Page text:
Afternoon announcements: October 4, 2012
October 04, 2012 04:23 pm
Confession time: who didn’t watch the debate last night? Don’t worry, if you missed it, we’ll get you caught up. The highlights were Big Bird, KitchenAid and, of course, .gifs. The candidates also had some words of substance, and when it comes to education, we’ve got several stories to get you in the know in today’s #ednews roundup.
Romney had the quote of the night for those of us in the education sector: “I’m not going to cut education funding.” What exactly does that mean? Is it too good to be true? Education Week has the full quote, along with some analysis. Obama had a few things to say on education, as well; he hinted at his support for Common Core State Standards (CCSS) and referenced his Race to the Top competition several times. The LA Times fact-checks the candidates’ remarks on education.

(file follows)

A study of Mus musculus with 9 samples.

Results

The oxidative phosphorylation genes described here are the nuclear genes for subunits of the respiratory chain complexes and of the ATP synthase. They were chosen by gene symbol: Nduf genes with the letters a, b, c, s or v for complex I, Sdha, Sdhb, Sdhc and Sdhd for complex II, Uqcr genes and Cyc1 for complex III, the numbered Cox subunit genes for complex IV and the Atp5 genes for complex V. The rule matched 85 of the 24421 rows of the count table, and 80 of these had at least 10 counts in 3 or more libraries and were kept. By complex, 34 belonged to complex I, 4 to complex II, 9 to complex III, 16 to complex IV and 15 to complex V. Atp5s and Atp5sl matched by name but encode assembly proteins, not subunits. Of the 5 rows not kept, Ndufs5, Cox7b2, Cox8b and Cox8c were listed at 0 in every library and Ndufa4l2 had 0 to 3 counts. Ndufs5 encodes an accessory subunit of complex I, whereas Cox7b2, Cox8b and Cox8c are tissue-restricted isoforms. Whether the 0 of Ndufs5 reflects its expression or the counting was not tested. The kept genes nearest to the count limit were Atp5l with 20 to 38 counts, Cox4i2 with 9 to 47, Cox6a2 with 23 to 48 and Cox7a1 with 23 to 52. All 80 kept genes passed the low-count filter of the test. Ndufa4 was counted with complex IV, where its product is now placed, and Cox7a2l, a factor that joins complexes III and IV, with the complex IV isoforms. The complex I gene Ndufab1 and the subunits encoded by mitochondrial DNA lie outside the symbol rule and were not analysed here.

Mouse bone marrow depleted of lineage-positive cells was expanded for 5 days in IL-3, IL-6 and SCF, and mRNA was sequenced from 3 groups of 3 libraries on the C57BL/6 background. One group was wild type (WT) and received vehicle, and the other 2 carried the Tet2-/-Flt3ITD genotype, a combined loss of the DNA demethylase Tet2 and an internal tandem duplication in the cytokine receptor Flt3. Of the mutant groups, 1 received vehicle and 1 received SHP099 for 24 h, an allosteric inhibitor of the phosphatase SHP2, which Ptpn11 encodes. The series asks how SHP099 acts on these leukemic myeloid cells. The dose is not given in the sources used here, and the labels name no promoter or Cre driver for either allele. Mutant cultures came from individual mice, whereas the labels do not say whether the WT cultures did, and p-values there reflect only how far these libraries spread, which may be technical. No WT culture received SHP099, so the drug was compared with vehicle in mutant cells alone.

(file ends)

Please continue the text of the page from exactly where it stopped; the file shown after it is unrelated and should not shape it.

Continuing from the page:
In non-debate news, the Chicago teachers approved their new contract in a larger margin than ever before. The Chicago Tribune reports that 79.1 percent were in favor of the contract.
First Lady Michelle Obama and Dr. Jill Biden have expanded their “Joining Forces” outreach again with a new initiative for military kids. Launched today, it’s intended to better prepare educators for the unique task of teaching military kids. These students move often and can struggle to fit in, make friends and adapt to new curriculum. The initiative will “Help military children as they face social, emotional and learning challenges in the classroom while having an active-duty parent.” Education Week has the full story.
Do virtual schools help or harm students’ learning? Like most things, it’s probably somewhere in the middle. Reuters looks at the growing backlash among “public officials and educators” who question whether virtual public schools are truly effective.
If you’re in the D.C. area and interested in the growing role that education policy is taking in this presidential election, you might want to consider attending an event to be held Andy “Eduwonk” Rotherham during the next debate, Oct. 16. He’ll moderate a discussion on the two candidates’ education platforms before the debate begins. See Eduwonk for more details, including time and location.